The World on a String of Data
Every two years, the North Atlantic Treaty Organization (NATO)—one of the most important government-military alliances in the world—produces a report projecting the future security environment. The Strategic Foresight Analysis (SFA) and its visualization of the world’s geopolitical future are critical to planning, for NATO and for its member nations.
Earlier this year, NATO’s Allied Command Transformation office in Norfolk, Virginia, asked for help from industry. They wanted technology that would improve the process of analyzing global data and inform decision-makers about potential risks, trends, patterns and other aspects of the future global landscape.
Aveshka answered that call.
Partnering with Google Cloud and Boston-based firm Quantiphi, Aveshka developed an artificial intelligence and machine learning platform that uses big data analytics to help forecast future concerns for NATO and improve the SFA.
“Some call it predicting the future; we call it assisted decision-making,” said Shannon Vaughn, Aveshka’s Chief Innovation Officer. “What used to take months to get the relevant information can now be done in minutes.”
Using a big data engine powered by AI and machine learning, analysts could quickly extrapolate key data points, which could be on individuals or groups of interest, specific locations or entities, or certain topics, ideas or themes.
“You can use the tool to extract out data using high-end natural language processing technology. That allows us to speed time to insight,” Vaughn said.
How exactly could this work?
Consider the amount of information on a given current-events topic that could be found in written materials—think news articles, white papers, scholarly journals, blogs and more. On any given current-events topic, those materials could involve hundreds of thousands of documents.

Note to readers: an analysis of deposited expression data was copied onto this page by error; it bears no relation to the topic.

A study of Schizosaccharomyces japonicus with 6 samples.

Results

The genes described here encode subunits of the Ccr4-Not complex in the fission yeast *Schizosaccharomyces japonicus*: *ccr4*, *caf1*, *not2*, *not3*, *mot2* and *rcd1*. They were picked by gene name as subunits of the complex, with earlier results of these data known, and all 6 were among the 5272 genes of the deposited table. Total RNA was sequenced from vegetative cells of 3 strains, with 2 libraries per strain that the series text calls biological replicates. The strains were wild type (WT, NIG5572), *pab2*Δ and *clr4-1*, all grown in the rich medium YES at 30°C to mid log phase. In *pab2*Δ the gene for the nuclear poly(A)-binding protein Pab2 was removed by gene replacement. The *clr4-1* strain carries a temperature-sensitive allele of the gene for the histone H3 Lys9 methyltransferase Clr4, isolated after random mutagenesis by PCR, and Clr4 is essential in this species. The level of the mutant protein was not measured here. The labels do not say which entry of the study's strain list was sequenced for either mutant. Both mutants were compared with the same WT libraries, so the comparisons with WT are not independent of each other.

It would be essentially impossible for a person to read all of those documents and glean meaningful information. But through machine learning and AI, the tool can ingest and sort all of those documents, then filter down the results according to key topics or terms. Those 100,000+ documents become a handful of pertinent documents, which are then broken down into 100-word chunks that highlight the reference and specifically where the document talks about the topic at hand.
This, in turn, yields much more manageable insight on trends, patterns and consensus that can be used to inform the SFA. But the tool also includes dynamic visual graphic representation, including knowledge graphs and link analysis diagrams that clearly present key information.
The fast-tracked prototype underscores the need to be able to quickly respond to evolving requirements, and to build technologies that are adaptable for varying applications.
“Everyone has the same problem—they need to get smart quickly. The problem set is big data and speeding time to insight. But this technology is so forward-leaning; it hasn’t been done before like this,” Vaughn said. “We’ve all talked for years about the coming wave of big data and high technology. That ‘coming wave’ has finally arrived and is crashing. As a forward-leaning, smaller technology company, we’re able to be agile and capitalize on opportunities like this.”